New York Mayor Bloomberg is buying candidates in Los Angeles
- - - Billionaires are no longer satisfied with solid gold toilets. Now they are undermining democracy itself by spending huge sums of their money to remake government in their image.
Billionaire New York Mayor Michael Bloomberg has donated $1 million to help preserve a Los Angeles Board of Education majority that is supported by the L.A. Mayor.
Never mind that Bloomberg does not even live in L.A. After all, what good is money if you can't bypass the voters and buy influence.
Brokered by Leftist Los Angeles Mayor Antonio Villaraigosa, the contribution to the Coalition for School Reform is the largest on record — by far — to support school board campaigns.
The group is planning to spend the money on behalf of one incumbent, school board President Monica Garcia, and two others, Kate Anderson and Antonio Sanchez, in the March 5 election reports the Los Angeles Times.
The donation could immediately skew election spending on behalf of those backed by Villaraigosa and the relatively small group of donors in the coalition, who have now collected more than $2.5 million. It is seeking both to protect Supt. John Deasy's policies and to override the historic influence of the teachers union, United Teachers Los Angeles.
"Michael Bloomberg threw down the gauntlet today," said Dan Schnur, director of the Unruh Institute of Politics at USC. "He's obviously very serious about changing education in America, and Los Angeles is now ground zero for that effort."
He added: "This is a game changer."
- “There’s no accountability there, That’s the threat to the democratic process.”
- Billionaires are controlling public policy behind the scenes without any public knowledge.
The world’s largest philanthropy has targeted education policy making, sparking debate among education wonks and watchdogs over whether some of its activities cloak government actions and amount to lobbying.
“A lot of private foundations are making decisions that would normally be left up to a public institution that would be accountable to the taxpayers,” said Betty Peters, a member of Alabama’s state school board.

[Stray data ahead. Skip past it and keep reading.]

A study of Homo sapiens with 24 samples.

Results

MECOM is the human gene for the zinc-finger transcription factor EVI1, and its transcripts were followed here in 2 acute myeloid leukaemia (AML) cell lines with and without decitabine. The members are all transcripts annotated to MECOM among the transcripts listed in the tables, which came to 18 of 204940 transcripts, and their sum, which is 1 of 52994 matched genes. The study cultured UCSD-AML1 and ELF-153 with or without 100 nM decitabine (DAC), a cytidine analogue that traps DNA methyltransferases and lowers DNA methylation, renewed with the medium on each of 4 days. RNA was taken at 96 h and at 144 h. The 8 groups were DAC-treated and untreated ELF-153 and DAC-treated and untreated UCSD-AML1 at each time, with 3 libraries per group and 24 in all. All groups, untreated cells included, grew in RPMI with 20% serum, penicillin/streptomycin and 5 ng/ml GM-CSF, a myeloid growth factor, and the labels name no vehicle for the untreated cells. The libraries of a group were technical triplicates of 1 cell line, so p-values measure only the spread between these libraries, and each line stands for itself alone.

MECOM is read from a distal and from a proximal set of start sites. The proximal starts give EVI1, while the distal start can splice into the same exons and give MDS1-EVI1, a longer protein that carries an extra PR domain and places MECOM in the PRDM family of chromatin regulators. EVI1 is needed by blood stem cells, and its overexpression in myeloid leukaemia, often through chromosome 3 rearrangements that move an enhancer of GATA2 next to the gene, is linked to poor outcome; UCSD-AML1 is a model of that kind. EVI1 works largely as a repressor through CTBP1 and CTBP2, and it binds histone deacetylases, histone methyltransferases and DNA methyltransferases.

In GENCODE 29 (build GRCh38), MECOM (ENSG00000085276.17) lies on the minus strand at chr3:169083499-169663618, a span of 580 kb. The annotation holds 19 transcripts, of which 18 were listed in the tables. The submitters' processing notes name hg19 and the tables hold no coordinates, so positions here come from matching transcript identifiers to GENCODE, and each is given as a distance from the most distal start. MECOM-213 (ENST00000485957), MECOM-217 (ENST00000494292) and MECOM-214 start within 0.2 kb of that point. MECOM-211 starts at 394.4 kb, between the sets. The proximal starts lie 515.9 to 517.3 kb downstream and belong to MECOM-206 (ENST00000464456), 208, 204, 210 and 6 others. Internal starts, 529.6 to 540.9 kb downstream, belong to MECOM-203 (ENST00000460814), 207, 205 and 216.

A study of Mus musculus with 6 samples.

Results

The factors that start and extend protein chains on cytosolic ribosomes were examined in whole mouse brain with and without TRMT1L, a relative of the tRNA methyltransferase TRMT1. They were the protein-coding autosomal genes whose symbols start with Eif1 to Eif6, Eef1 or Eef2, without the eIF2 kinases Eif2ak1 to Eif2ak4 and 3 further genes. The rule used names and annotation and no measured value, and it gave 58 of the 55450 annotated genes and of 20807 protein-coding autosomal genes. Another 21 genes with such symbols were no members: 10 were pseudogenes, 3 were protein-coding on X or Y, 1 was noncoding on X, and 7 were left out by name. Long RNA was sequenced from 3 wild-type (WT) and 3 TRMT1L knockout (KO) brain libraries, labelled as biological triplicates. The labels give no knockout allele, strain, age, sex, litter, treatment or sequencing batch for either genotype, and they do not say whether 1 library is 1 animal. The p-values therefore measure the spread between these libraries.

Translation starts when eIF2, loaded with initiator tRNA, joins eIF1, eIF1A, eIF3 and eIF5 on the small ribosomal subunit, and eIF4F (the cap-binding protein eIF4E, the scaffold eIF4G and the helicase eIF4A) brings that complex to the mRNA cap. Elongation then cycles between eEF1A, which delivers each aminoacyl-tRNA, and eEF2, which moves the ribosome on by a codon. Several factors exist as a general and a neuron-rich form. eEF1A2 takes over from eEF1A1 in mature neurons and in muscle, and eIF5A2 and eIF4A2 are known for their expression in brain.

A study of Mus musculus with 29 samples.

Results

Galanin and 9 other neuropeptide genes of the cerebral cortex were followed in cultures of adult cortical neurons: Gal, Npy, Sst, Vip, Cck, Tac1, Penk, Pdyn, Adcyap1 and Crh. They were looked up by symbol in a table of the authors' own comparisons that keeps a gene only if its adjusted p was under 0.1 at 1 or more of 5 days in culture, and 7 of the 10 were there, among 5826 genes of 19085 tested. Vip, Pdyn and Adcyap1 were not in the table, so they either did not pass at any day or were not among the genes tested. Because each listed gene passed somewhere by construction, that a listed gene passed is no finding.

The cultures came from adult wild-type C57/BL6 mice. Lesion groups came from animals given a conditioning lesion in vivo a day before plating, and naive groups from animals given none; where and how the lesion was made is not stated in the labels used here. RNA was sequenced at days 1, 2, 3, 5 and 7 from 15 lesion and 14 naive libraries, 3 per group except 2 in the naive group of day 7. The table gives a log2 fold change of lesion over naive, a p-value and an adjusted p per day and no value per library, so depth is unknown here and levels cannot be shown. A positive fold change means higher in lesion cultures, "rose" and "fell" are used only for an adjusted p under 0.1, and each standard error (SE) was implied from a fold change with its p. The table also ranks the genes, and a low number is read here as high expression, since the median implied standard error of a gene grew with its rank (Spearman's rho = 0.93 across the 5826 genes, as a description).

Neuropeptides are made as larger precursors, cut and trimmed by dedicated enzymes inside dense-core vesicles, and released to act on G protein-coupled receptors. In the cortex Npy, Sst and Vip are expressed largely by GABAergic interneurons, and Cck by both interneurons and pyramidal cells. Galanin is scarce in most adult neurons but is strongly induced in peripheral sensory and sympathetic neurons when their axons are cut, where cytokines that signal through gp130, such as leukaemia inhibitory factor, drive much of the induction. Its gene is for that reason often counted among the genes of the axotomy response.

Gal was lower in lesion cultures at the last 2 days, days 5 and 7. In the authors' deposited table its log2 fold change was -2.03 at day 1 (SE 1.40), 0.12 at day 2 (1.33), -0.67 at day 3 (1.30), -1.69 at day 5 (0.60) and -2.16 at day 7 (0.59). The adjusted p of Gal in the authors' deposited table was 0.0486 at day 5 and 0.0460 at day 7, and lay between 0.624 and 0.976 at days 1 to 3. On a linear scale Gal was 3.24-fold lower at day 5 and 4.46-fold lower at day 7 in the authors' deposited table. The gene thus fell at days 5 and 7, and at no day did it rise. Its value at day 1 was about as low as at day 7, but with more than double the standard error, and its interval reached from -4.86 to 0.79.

Education watchdogs are raising concerns over the Gates Foundation’s involvement in shaping public education policy, saying the private foundation’s influence in public education policy interferes with the democratic process and local input.
The foundation, owned by Bill and Melinda Gates, is the world’s largest philanthropy and has been heavily involved in funding states’ new Common Core curriculum, the Heartland Institute reported on Monday.
Gates has spent $173 million in grants to develop Common Core standards and win support for the curriculum, according to a Heartland analysis of the Foundation’s grant database.
The Foundation’s funding amounts to a marketing campaign for Common Core, Jane Robbins, a senior fellow with American Principles Project, told The Washington Examiner.
“It’s the way [Gates is] doing it that we think is curious,” said Scott Thomas, dean of Claremont Graduate University’s education school, according to Heartland. “It’s an intrusion into the public sphere more directly that has not been seen before. They’re jumping into the policy process itself.
That’s an interesting position, for a nonprofit to be involved in things that look a lot like lobbying.”
The problem with this expensive marketing campaign is that the policies Gates helped fund were created “under the radar,” without input from stakeholders or legislators, said Robbins. Now the curriculum is taught to students across the country.
For example, The foundation has directly sponsored state departments of education and myriad groups who aim to influence policymakers. In 2012, it gave $1.9 million to the Kentucky Department of Education “to examine the use of high-quality curriculum to accelerate common core state standards implementation.”
Gates bankrolled the development of the Common Core through the National Governors Association and Council of Chief State School Officers (CCSSO), but because all three are nonprofits their policy making happens in private meetings. Citizens can’t find out who attends or makes decisions, or what information they take into account when doing so, as they can for state boards of education and legislatures.
The grants were made to nonprofit organizations whose policy-making meetings were conducted behind closed doors, including the the National Governors Association and Council of Chief State School Officers, according to Heartland.
“Nobody really knew what was going on,” said Robbins. “There’s no accountability there,” Robbins said. “That’s the threat to the democratic process.”
Welcome to Serfdom
Modern Serfs are allowed to "vote" for candidates selected and funded for you by your Billionaire Masters. Democracy and freedom are so old fashioned.